Get a handle on work-related stress

In today's demanding, fast-paced world, people can potentially be working 24/7. If your work email is synced to your smart phone, it's easy to check your email on the way home from work, in the middle of the night, at your child's soccer practice.

Even if you’re not checking email, when work is stressful to you, chances are good it stays on your mind, perhaps worming its way into your sleep. The end result: you never truly get away from work.

Is there anything wrong with this preoccupation? "Of course," says Patricia Normand, MD, a psychiatrist who directs Rush University Medical Center's Mindful Life Program. "Your brain can't be on all the time. You need down time and time for yourself. If you're a workaholic, you can't be giving yourself – and perhaps your family – attention."

Work stress = bad news

The effects of self-neglect can pile up: You might not have time to go shopping or prepare dinner, leaving you less healthy dining options. No time for yourself can also mean not exercising, which can lead to weight gain, which can lead to heart disease, high blood pressure or diabetes.

Stress can also give you anxiety; contribute to depression; cause problems with your sleep; and create feelings of helplessness, says Normand.

When you're stressed, your body pumps out stress hormones: epinephrine, norepinephrine and cortisol. You need those hormones in acute situations, like the fabled saber-tooth tiger our ancestors fought off. But today, our stresses are frequent and multiple; yet our bodies are still putting out these acute-response chemicals that, over time, can be harmful to your body.

What you can do

Although it might feel like just one more thing on your to-do list, you can get a handle on work-related stress.

1. Identify the problem.

The first step is to notice how much you're working and how little time you have for yourself, according to Normand.

Plot out your day, all 24 hours of it. How much are you sleeping? When are you working? In addition to your office time, are you logging hours at home or during your commute by checking and responding to emails?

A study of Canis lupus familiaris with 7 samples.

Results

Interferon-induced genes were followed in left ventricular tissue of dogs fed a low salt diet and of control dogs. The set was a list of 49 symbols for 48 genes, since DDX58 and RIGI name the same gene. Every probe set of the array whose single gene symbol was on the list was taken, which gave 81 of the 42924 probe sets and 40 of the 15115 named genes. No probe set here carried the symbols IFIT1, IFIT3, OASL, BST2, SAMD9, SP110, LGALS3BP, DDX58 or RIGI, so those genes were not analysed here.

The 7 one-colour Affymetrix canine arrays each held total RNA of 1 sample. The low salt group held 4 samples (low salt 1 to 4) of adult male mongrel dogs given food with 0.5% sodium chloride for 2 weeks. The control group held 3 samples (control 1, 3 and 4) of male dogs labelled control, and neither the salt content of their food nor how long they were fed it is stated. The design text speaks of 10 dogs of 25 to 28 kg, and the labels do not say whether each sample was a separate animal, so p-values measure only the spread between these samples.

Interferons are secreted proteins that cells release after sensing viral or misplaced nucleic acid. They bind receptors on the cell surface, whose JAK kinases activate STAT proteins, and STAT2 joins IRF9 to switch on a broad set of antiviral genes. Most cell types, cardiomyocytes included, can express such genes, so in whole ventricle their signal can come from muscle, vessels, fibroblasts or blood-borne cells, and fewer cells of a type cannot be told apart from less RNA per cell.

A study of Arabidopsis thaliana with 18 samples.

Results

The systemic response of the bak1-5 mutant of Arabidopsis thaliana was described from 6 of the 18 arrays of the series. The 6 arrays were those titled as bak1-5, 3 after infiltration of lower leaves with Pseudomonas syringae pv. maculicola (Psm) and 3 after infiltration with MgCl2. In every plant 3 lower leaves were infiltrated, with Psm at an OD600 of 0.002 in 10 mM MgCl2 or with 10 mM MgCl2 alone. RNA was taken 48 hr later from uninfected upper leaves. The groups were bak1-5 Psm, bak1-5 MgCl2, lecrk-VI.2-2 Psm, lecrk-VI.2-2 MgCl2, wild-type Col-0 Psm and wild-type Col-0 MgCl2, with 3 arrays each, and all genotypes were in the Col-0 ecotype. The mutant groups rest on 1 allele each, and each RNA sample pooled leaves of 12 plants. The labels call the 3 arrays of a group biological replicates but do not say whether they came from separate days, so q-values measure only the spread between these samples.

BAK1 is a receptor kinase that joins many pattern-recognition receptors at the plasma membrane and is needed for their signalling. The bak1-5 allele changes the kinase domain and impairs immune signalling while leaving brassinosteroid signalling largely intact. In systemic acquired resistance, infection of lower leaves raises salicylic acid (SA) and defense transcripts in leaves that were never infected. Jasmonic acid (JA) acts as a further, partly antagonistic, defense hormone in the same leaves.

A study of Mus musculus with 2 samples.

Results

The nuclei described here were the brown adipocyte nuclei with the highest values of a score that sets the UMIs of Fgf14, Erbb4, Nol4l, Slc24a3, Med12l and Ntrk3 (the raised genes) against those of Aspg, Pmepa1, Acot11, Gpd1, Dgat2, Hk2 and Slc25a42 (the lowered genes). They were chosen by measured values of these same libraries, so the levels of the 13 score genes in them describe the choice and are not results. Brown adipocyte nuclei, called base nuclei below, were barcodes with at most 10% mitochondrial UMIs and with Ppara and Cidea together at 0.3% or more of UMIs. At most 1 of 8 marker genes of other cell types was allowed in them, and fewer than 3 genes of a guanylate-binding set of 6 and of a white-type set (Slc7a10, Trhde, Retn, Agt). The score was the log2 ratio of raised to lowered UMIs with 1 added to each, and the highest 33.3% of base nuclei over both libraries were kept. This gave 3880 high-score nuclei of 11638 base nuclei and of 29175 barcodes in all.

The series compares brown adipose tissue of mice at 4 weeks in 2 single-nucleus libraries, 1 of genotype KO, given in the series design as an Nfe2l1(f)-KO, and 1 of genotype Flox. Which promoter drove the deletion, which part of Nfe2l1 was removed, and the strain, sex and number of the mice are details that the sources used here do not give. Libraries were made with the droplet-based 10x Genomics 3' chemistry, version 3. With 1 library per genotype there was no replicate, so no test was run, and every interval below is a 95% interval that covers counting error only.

"Plot out how much time you're at work and all the times that you're doing work," says Normand. "See how much time you have left. Is that adequate?"

2. Learn – and regularly practice – relaxation strategies.

If work is constantly on your mind, and you are dissatisfied with that, there are things you can do, says Normand.

If you're anxious about work, practice relaxation and mindfulness techniques, such as meditation, deep breathing or guided imagery. For example, in guided imagery you might use a CD or book to guide your imagination to a relaxed, focused state by helping you imagine yourself in a peaceful setting.

3. In the moment, breathe.

Mindfulness experts such as Normand give people simple techniques to use in stressful moments. 

"We teach people to focus on just one or two breaths, and that relaxes them," she says. "A good way to know if you're stressed is to check your belly; if it's tight, you can relax it. Then you may notice that not just your belly but your whole body is clenched. When you notice that, consider: can you release that tension for a moment?"

4. Make use of the silver bullet: exercise.

Make sure you exercise regularly; research has shown that in addition to its physical benefits, exercise improves your mood and decreases your anxiety. Aim for 30 minutes a day, most days of the week.

The biggest question is, do your circumstances allow for a change, and you're just not changing? Or, if the circumstances don't allow for any change, is it possible you could change the circumstance?

5. Seek a professional's perspective.

If getting a handle on your work stress is proving harder than you anticipated, you may need to talk to a counselor about other factors at the root, like anxiety or the depression.

6. Look within.

"The biggest question is, do your circumstances allow for a change, and you're just not changing?" asks Normand. "Or, if the circumstances don't allow for any change, is it possible you could change the circumstance?"

Normand recommends changing jobs as a last resort. Instead, ask yourself, do you generally react to stress in this way? If you're fine outside of work, and you're able to relax, then it's likely some aspect of work may be the culprit. But it may not always be your demanding boss: It could still be you.

"Is your stress something you're putting on to work, for instance, your expectations and your hopes for this job that are causing you to get stressed out?" asks Normand. If so, consider relaxation techniques or talk therapy.

But if the answer is objectively an external source like the amount of work, your supervisor or your coworkers, then it might be time to think about another job — one that will give you the work-life balance you need to be happy and healthy.